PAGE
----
In August, Denton County Sheriff Will Travis will ask County Commissioners for 10 additional deputies to be included in the department’s 2014-2015 budget to enhance service in Lantana and other areas of unincorporated Denton County.
Travis has joined with the University of North Texas’ Criminal Justice department to conduct a study to examine how the sheriff’s department uses its current resources, how it stacks up to other nearby or comparable police departments and how the new deputies would benefit Denton County.
As with many other police departments, the sheriff’s office ranks its calls from 1-4, with 1 being a top priority. Most police departments are able to respond to Priority 1 calls– life-threatening emergencies and major crimes in progress– within five to six minutes. Currently, the sheriff’s department responds to Priority 1 calls in about 25 to 30 minutes, depending on the location of the nearest squad car.
In Highland Village and Flower Mound– areas with much less ground to cover– police departments have five and 10 officers, respectively, on patrol for every shift. Denton County currently only has the resources to have five to six deputies per shift; eight, if it is a holiday weekend.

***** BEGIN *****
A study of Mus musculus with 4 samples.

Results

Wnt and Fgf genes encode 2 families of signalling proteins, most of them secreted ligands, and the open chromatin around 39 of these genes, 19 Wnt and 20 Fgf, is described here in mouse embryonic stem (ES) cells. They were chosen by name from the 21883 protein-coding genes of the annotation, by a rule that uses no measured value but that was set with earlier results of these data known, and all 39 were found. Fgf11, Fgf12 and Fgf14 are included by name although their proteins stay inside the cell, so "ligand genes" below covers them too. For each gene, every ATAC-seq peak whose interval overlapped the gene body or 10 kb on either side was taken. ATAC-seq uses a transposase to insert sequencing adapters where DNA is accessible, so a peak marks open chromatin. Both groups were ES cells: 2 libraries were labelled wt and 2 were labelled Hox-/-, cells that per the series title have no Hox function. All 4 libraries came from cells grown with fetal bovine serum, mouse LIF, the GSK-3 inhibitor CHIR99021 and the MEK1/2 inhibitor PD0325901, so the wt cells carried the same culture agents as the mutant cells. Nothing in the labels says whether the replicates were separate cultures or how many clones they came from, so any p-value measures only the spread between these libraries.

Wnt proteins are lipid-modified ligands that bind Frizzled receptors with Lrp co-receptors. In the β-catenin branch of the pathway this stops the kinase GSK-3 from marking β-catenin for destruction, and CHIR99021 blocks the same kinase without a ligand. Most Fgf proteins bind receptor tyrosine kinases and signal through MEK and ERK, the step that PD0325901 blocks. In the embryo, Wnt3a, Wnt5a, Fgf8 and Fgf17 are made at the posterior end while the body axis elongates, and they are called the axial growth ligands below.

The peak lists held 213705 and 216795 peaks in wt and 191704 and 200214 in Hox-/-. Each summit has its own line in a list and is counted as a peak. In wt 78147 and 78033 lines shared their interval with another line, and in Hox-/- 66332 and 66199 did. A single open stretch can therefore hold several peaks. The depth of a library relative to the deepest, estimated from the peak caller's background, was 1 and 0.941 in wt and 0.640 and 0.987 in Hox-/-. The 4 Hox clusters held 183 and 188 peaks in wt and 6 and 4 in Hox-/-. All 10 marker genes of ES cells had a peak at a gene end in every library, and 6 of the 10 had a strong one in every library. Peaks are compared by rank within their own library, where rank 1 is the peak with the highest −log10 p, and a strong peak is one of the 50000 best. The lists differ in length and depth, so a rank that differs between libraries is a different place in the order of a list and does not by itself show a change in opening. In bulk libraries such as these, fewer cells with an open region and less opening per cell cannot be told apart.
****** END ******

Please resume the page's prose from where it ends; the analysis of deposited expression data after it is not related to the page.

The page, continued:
Numbers like these raise worry among citizens. And, while Travis said he has done his best in his 16 months in office, the need for more deputies is pressing.
“We’re not staffed efficiently and effectively, and we know that,” Travis said. “We have five or six deputies on a shift to cover 900 square miles. That’s just not adequate for what we do and the size of the county.”
That is where the UNT study comes in. Within the next month or so, Travis and his department will present the findings to County Judge Mary Horn. He is hopeful that the study will provide the extra push to get the budget needed for 10 additional deputies.
“We’re giving them lots of statistics,” Travis said. “It’s going to be in-depth to no end.”
Travis expects that the study will reinforce what he’s been saying for a while now; that Denton County really needs more deputies on patrol.
“Hopefully [the study] will be our complete justification on why we need more officers,” Travis said.
Travis has special interest in making sure that a new beat (a deputy’s designated patrol area) is created in Lantana. With the community expanding so rapidly, he said that there are more opportunities for crime to occur.
In the meantime, Travis has obtained two patrol vehicles that will be used to step-up community policing efforts and deter “crimes of opportunity” in Lantana, including making sure citizens close their garage doors and lock their cars. Deputies will knock on doors to urge homeowners to encourage them to make smart decisions regarding their safety.
“We’re trying to be highly visible and available to the community,” Travis said. “Basically, answer any questions an individual might have as far as crime prevention is concerned.”
Travis is optimistic about what the outcome of the study and its results will yield in the future for Lantana residents. Until then, he said that his department will continue to do the best it can with what it has.
“We’re not by any means in the red,” said Travis. “We’re doing great as a county, we’re very stable. The part we just need to catch up on a little more is public safety.”